As Australia’s premier medical research institute we aim to contribute towards reconciliation through activities that work towards ‘closing the gap’ in life expectancy, disease incidence and mortality.
WEHI began its formal reconciliation journey in 2013, and in May of 2023, we launched our third Reconciliation Action Plan (RAP) to continue to take on the challenge of implementing meaningful action towards building a reconciled nation.
Our Innovate Reconciliation Action Plan 2023-25 will help us to be purposeful, visible, and bold in our efforts through listening to Aboriginal and Torres Strait Islander Peoples and amplifying First Nations voices.
Our Reconciliation Action Plan Annual Report 2014-2015 presented an outline of the successful implementation of our first Reflect Reconciliation Action Plan 2014-15. Our Reflect RAP provided a clear framework to help shape our reconciliation agenda and take us on the next stage of our reconciliation journey.
We are lending our support to the drive to establish a First Nation’s voice to Parliament that is enshrined in the constitution. WEHI made this submission to the Joint Select Committee Inquiry into Constitutional Recognition Relating to Aboriginal and Torres Strait Islander Peoples in June 2018.
The Walter and Eliza Hall Institute of Medical Research is the oldest medical research Institute in Australia. The Institute conducts medical research in three key areas: cancer, immune disorders and infectious diseases. With over 1000 staff and 14 research divisions supported by professional services teams we reflect a cross-section of the Australian community including overseas nationals who have come to our country to study and work.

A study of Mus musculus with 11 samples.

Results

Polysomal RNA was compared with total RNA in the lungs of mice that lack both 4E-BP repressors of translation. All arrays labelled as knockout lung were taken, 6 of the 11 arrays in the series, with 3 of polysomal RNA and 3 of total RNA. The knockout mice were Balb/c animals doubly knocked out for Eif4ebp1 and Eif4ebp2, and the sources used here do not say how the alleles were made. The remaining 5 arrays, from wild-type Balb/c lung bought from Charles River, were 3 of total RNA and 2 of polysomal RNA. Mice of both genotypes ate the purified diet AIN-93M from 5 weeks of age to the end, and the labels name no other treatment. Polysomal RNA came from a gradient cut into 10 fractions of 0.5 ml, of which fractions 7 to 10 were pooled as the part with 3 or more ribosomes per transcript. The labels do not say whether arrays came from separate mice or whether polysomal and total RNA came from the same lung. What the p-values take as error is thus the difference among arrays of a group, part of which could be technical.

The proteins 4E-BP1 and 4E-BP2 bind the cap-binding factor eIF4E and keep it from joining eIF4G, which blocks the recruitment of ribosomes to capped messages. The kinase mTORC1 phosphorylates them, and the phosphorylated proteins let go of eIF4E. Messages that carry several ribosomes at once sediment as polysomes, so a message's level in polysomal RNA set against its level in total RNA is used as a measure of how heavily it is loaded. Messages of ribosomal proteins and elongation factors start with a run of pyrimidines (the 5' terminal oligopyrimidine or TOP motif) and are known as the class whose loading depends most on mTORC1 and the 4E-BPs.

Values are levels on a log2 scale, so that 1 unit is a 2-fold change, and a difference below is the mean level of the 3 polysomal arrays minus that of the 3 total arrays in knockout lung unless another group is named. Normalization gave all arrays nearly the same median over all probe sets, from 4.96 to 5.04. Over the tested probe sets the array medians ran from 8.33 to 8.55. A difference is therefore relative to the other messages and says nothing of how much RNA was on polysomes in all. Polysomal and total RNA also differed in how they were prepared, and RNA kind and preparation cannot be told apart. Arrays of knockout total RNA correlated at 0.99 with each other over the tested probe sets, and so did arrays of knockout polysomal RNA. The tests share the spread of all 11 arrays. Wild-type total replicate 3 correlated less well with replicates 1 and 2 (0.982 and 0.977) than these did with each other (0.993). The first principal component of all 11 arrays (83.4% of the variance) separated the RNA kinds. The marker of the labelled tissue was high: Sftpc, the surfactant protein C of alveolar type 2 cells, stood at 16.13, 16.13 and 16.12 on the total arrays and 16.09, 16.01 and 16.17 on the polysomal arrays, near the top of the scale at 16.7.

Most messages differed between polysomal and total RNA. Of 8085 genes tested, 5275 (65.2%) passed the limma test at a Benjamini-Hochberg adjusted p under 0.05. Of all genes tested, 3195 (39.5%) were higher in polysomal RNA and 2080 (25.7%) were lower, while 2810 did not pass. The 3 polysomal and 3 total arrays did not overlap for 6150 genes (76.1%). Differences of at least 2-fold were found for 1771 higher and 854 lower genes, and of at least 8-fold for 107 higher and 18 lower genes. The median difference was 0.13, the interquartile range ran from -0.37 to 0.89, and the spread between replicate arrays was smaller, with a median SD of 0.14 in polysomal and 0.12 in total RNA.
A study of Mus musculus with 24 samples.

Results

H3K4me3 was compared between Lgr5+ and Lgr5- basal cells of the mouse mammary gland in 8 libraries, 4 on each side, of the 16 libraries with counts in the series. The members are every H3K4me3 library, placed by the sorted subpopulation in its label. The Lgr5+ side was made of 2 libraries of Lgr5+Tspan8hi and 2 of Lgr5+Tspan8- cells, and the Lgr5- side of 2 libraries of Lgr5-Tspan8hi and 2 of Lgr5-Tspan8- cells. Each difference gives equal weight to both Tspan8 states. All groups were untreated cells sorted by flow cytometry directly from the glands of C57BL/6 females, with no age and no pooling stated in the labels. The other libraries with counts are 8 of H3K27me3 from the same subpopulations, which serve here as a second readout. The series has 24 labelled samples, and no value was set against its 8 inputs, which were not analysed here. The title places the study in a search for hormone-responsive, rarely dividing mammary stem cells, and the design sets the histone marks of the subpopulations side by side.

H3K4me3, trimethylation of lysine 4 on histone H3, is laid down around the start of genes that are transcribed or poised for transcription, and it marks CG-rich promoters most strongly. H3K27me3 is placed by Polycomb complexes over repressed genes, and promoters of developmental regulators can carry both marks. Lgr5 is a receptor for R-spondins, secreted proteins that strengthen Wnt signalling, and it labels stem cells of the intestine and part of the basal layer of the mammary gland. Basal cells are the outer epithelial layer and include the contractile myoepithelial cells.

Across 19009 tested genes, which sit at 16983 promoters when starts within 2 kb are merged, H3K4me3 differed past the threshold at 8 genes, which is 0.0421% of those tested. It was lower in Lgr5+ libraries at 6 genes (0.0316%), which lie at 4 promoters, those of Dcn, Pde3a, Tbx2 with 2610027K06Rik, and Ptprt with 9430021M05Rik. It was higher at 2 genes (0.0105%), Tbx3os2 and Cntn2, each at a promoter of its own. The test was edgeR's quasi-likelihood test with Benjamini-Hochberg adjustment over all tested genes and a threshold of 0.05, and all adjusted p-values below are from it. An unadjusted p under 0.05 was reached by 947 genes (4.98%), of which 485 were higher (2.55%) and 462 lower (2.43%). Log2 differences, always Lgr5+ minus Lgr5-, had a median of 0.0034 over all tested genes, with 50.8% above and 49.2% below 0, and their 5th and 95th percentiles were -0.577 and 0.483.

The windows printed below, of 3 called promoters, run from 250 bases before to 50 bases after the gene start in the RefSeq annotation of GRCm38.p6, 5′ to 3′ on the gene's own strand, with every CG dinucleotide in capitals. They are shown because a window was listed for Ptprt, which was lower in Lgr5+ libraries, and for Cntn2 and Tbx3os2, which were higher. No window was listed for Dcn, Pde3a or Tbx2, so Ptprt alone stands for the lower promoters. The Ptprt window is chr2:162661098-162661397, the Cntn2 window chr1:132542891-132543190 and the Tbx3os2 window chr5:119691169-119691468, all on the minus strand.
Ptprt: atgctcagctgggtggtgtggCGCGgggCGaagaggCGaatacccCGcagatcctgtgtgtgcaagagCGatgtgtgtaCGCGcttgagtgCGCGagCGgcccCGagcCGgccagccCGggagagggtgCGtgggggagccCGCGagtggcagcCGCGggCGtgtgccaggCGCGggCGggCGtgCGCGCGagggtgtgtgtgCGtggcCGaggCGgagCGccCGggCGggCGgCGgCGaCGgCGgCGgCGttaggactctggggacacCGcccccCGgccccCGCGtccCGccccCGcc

In 2013, the Institute made the decision to join Reconciliation Australia’s Reconciliation Action Plan (RAP) program in recognition of the need to make a formal commitment to reconciliation. A key driver for this commitment was to ensure we play an active role in achieving health equity for Aboriginal and Torres Strait Islander peoples. In order to understand how we can best lend our voices, knowledge and resources in the journey towards reconciliation we must listen to and learn from Aboriginal and Torres Strait Islander peoples. We strive to create a culture of respect, increase awareness and understanding of Aboriginal and Torres Strait Islander history, culture and connection to this land, and to build strong community relationships. It is through this process that we will be enabled to contribute to closing the gap in life expectancy and disease burden.
We believe that all people in our communities should benefit from the great things that our country has to offer, including equality of access and outcome in health and education, and that every person should have a say in decisions that directly affect them. It is in this spirit that we stand with Aboriginal and Torres Strait Islander Peoples in the quest to establish a First Nations voice to Parliament enshrined in the constitution, as outlined in the Uluru Statement from the Heart. We also support the formation of the Makarrata Commission to further strengthen the process of reconciliation in this country. Many lines of evidence tell us that health is closely linked to social, economic, cultural and historic factors and this will permeate our efforts at all levels to improve the health of Aboriginal and Torres Strait Islander peoples.